Registered Physiotherapist

Sam is a physiotherapist. He graduated from Queen’s University with a Masters of Science in Physical Therapy and from Dalhousie University with a Bachelor of Science in Kinesiology (Honours). While at Dalhousie, his research, which investigated ‘The impact of music tempo on psycho-physiological responses during exercise & recover’, was published in a peer-reviewed scientific journal. While at Queen’s, his graduate thesis was on a cutting edge concept called ‘blood flow restriction training’. Simply put, his research was on ‘How patients can improve their physical fitness & strength as quickly as possible with least amount of effort’.

He is concurrently working towards his Fellow of the Canadian Academy of Manipulative Physiotherapists (FCAMPT) through the Orthopaedic Division of the Canadian Physiotherapy Association and Certification in McKenzie method of Mechanical Diagnosis & Therapy (Cert MDT). FCAMPT is globally recognized physiotherapy designation that allows him to offer clinical expertise from advanced training while, Cert MDT is an internationally renowned method of assessment and treatment for spinal conditions. Sam’s philosophy is predicated on building human connection, trust, education, therapeutic exercise, manual therapy while incorporating therapeutic concepts from neuroscience to ensure a full functional recovery of a patient/client.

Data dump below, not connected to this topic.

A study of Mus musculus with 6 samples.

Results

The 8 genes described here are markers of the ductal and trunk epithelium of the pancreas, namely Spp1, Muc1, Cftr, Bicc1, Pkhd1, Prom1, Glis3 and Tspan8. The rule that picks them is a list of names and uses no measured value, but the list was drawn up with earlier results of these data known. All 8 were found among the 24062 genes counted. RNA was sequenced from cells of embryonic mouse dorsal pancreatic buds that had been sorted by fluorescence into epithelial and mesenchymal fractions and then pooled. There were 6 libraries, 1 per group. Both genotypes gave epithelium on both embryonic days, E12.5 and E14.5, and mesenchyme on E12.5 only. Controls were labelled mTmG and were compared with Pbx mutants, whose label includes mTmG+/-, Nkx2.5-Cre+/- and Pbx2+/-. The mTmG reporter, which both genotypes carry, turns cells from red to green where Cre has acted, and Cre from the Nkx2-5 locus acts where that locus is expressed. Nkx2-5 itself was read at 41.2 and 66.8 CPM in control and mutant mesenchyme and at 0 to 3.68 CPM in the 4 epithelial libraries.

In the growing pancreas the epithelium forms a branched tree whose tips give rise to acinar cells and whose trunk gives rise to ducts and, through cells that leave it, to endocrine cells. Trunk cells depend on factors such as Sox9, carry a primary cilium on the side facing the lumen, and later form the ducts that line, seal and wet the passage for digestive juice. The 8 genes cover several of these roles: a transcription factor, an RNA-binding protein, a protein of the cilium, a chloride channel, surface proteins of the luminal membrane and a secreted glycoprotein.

During his free time, he like to network with international leading scientists/researchers/clinicians, write blogs, hike, watch UFC/NBA, experiment with new cook recipes and read & learn with topics ranging from the brain to diet/gut microbiome to financial investments.

“Every pain problem, acute or chronic has a thinking, reasoning and emotional brain attached to it” - Louis Gifford

“Nobody cares how much you know, until they know how much you care” – Theodore Roosevelt

Lee, S., & Kimmerly, D. S. (2016). Influence of music on maximal self-paced running performance and passive post-exercise recovery rate. The Journal of Sports Medicine and Physical Fitness, 56(1-2), 39-48.